May 29, 2020
Gold edges up on U.S. and China tensions; set for second monthly gain
(Reuters) - Gold inched up on Friday and was on track for its second monthly gain as deteriorating U.S.-China ties in a world reeling from the coronavirus pandemic rattled investors and fuelled demand for the safe-haven metal.
Spot gold was up 0.1% at $1,719.47 per ounce by 0342 GMT. U.S. gold futures rose 0.3% to $1,717.60.
However, the metal was down for the week, having dropped to a two-week low on Wednesday as easing lockdown measures around the world boosted hopes of an economic recovery.
"Gold remains wedged between potentially positive economic developments that have been dragging prices lower, and a rise in geopolitical tensions with China over Hong Kong," said Cameron
Alexander, an analyst with Refinitiv-owned metals consultancy GFMS.
Market participants now await the U.S. response to Beijing tightening control over Hong Kong, after China's parliament approved a national security legislation for the city.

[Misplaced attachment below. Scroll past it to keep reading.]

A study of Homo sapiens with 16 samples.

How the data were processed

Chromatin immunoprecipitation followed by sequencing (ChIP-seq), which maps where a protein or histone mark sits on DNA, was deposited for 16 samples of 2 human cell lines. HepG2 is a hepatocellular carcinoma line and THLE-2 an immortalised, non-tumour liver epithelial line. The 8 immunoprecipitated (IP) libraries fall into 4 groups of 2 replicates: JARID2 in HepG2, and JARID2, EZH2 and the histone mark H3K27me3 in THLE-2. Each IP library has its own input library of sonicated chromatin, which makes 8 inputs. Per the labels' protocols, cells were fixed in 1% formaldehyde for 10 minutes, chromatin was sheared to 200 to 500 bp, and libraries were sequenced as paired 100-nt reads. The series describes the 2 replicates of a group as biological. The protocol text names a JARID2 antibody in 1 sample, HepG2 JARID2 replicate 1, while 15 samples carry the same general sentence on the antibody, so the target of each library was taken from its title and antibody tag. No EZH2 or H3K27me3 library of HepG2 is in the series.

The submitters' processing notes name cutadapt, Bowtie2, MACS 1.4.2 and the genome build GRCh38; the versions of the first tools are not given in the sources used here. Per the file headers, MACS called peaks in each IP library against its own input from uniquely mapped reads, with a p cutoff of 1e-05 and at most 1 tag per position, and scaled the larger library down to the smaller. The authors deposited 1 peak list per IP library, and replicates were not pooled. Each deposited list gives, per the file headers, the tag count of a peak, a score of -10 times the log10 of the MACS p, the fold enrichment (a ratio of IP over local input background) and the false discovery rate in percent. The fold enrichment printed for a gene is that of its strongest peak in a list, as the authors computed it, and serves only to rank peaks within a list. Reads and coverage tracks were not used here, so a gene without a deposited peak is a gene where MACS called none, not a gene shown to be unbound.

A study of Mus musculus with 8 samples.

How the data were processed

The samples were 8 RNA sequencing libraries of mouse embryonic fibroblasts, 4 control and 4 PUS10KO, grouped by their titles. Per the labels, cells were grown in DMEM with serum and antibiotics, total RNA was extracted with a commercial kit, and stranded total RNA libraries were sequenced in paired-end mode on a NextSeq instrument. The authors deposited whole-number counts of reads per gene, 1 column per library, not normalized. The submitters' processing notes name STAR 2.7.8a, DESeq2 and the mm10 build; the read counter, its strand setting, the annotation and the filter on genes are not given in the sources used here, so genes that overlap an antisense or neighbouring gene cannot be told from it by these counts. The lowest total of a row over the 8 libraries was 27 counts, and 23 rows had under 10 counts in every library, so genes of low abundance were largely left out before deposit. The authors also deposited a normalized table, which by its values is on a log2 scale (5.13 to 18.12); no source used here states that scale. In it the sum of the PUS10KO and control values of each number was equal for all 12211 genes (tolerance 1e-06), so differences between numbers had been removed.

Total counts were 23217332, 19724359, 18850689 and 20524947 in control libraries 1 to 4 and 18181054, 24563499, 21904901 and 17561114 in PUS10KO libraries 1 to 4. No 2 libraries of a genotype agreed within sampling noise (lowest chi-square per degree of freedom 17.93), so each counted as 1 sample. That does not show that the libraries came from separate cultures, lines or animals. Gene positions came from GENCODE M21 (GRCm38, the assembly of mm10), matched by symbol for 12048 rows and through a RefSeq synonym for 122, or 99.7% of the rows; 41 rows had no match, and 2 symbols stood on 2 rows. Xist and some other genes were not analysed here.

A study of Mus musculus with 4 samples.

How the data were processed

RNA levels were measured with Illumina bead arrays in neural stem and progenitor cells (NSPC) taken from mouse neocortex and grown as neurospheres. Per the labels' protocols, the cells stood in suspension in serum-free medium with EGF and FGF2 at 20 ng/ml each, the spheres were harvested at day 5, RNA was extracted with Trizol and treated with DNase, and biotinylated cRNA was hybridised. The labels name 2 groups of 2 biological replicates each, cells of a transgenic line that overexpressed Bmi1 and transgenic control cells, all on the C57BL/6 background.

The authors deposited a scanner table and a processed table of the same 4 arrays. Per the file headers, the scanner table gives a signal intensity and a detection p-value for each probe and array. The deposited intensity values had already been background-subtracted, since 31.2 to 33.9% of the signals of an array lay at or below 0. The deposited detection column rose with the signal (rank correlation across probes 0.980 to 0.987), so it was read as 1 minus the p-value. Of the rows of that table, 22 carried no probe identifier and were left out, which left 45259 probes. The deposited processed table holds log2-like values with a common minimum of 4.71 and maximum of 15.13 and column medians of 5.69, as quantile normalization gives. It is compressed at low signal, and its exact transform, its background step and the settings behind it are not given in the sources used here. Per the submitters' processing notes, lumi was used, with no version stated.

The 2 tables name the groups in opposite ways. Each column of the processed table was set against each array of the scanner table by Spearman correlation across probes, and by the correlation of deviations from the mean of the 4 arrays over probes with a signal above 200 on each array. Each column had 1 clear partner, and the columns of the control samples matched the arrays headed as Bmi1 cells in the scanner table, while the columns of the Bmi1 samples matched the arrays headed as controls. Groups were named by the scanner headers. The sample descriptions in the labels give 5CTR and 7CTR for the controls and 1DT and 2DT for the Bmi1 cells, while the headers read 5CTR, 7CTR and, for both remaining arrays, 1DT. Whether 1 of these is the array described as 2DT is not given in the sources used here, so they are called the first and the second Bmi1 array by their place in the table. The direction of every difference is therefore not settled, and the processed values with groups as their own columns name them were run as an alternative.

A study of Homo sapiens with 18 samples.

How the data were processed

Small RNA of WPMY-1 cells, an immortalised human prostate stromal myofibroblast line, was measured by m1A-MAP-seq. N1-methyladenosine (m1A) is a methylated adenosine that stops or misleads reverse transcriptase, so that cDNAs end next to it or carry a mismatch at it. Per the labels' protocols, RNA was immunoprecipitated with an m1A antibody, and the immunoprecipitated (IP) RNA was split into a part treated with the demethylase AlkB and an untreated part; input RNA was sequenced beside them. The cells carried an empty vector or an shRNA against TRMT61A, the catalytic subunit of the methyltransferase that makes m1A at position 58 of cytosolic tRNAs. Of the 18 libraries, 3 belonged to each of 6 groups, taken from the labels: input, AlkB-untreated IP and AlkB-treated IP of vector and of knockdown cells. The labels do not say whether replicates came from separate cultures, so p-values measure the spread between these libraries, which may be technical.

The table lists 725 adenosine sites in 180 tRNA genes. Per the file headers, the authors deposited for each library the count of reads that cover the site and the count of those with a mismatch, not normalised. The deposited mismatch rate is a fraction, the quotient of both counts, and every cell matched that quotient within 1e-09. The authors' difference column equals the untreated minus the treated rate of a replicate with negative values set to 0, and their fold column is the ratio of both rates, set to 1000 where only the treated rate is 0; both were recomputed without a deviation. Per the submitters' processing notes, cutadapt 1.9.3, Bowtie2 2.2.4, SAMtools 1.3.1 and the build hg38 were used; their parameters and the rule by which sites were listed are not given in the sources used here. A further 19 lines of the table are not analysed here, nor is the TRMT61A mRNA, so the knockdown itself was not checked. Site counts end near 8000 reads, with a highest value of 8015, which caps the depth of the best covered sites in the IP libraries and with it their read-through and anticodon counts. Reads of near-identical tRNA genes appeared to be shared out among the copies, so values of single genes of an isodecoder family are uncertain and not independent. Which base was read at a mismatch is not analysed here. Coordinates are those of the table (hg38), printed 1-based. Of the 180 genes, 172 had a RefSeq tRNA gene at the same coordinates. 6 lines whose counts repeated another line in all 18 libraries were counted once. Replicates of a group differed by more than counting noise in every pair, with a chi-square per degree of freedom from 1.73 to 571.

U.S. President Donald Trump, who has vowed a tough response, will hold a news conference later in the day.
Worsening U.S.-China relations have further added to fears about a global economic recovery, helping the metal rise 2% so far this month.
Central banks increasing liquidity in financial markets, low interest rates and rising money supply are bullish for gold in the longer term, Phillip Futures wrote in a note.
Among other metals, silver fell 0.2% to $17.39 an ounce, but was poised for its biggest monthly gain since June 2016.
Palladium gained 0.3% to $1,937.91 per ounce, but was set for a third straight monthly fall. Platinum declined 0.8% to $831.89, but was on track for a second monthly gain.